Alex Casey watches the return of TVNZ’s So This Happened, the online series giving a voice to women’s experiences of harassment.
There is an inevitable, incredible thing that happens when you put a bunch of women in a room together with enough space to talk freely. No, we don’t shriek like banshees at the moon, plait our hair into one giant nest and cast spells with potions – that’s reserved for a Sunday afternoon. What we do is exchange stories about things that have happened to us, particularly dealings in harrassment, sexism and abuse that might otherwise not ever see the light of day.
As the writer Clementine Ford says in her astounding manifesto Fight Like a Girl, women need to keep sharing these stories to galvanise ourselves against a gross world that often tries to erode the validity of our experiences. No matter how much we are told that we were being hysterical or that we made it up or we were asking for it, it’s all real. What happens to us is real. Our feelings are real. Any opportunity to confirm that reality should be grasped with two hands and shouted from the rooftops.
There is perhaps no more powerful example of this rooftop shouting than in TVNZ’s So This Happened, a groundbreaking online series that’s become a permanent platform for airing out these dark, musty corners. Produced by Lucy Zee and Maha Albadrawi, the short animated webseries breathes life into women’s experiences through animation, as local women share instances of harassment, racism and abuse in everyday life, and how they did (or didn’t) deal with it at the time. As many of them say in their videos, if only they had known what they know now.
Take Maha, who was just trying to enjoy a beer in the sun when a man confronted her about being a terrorist because she told him she was from Iraq. Or Shannon, who was trying to get a book from the library when a pervert snapped a picture up her skirt. Or Catarina, who was trying to get home from work when she came face to face with a bus masturbator. These stories will be familiar to many and shocking news to some, becoming all the more palpable when frankly, sometimes wryly recollected by the women who were directly involved.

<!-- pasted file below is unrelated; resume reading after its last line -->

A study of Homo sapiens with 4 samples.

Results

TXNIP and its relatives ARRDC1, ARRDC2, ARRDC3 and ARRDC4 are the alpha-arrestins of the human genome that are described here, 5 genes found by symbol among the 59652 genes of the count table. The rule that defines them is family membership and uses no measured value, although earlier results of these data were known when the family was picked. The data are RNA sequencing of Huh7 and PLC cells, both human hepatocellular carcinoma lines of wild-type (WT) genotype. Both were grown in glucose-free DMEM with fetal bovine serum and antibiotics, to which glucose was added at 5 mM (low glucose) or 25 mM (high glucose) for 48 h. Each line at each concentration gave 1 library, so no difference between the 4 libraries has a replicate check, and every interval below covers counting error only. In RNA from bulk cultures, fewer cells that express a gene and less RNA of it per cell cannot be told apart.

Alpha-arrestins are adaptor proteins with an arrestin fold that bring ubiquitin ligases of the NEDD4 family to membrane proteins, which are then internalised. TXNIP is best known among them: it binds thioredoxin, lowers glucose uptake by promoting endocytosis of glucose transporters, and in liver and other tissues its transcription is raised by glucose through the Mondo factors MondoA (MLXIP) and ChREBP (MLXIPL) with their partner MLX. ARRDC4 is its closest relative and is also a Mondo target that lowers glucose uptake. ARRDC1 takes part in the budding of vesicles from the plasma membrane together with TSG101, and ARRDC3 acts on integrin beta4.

By choosing animation, the stories in So This Happened take scary subjects and make them more accessible to an audience that might otherwise run for the hills. These aren’t shadowy Crime Watch re-enactments but brightly coloured, surreal imaginings. Sometimes, they are even pretty funny. The balanced tone is no mistake, helped by a pool of exclusively women and non-binary animators hired to bring each story to life. Throughout every episode there’s a distinct sense of place: from predators outside Lynnmall to racists next to Rangitoto. All of this helps again to drive home the fact that these things happen frequently, they happen to people you know, and they happen here.
With no episode longer than three minutes, and available on TVNZ Ondemand, Youtube and social media, this is a rare unicorn of snackable content that’s, gasp, packed full of nutrition. It should be shown in workplaces, in schools and in the home. If you need any more convincing, just watch ‘Amanda’s Story’ – a sobering compilation of every time one woman has been sexually harassed in her life. A series like So This Happened has the power to change minds, to empower women to use their voices, and remind everyone else that these things happen every day. Four new episodes just went up and it shows no sign of slowing down. Because sadly, for now, the source material isn’t going anywhere soon.
This content, like all television coverage we do at The Spinoff, is brought to you thanks to the excellent folk at Lightbox. Do us and yourself a favour by clicking here to start a FREE 30 day trial of this truly wonderful service.
The Spinoff Daily gets you all the day's best reading in one handy package, fresh to your inbox Monday-Friday at 5pm.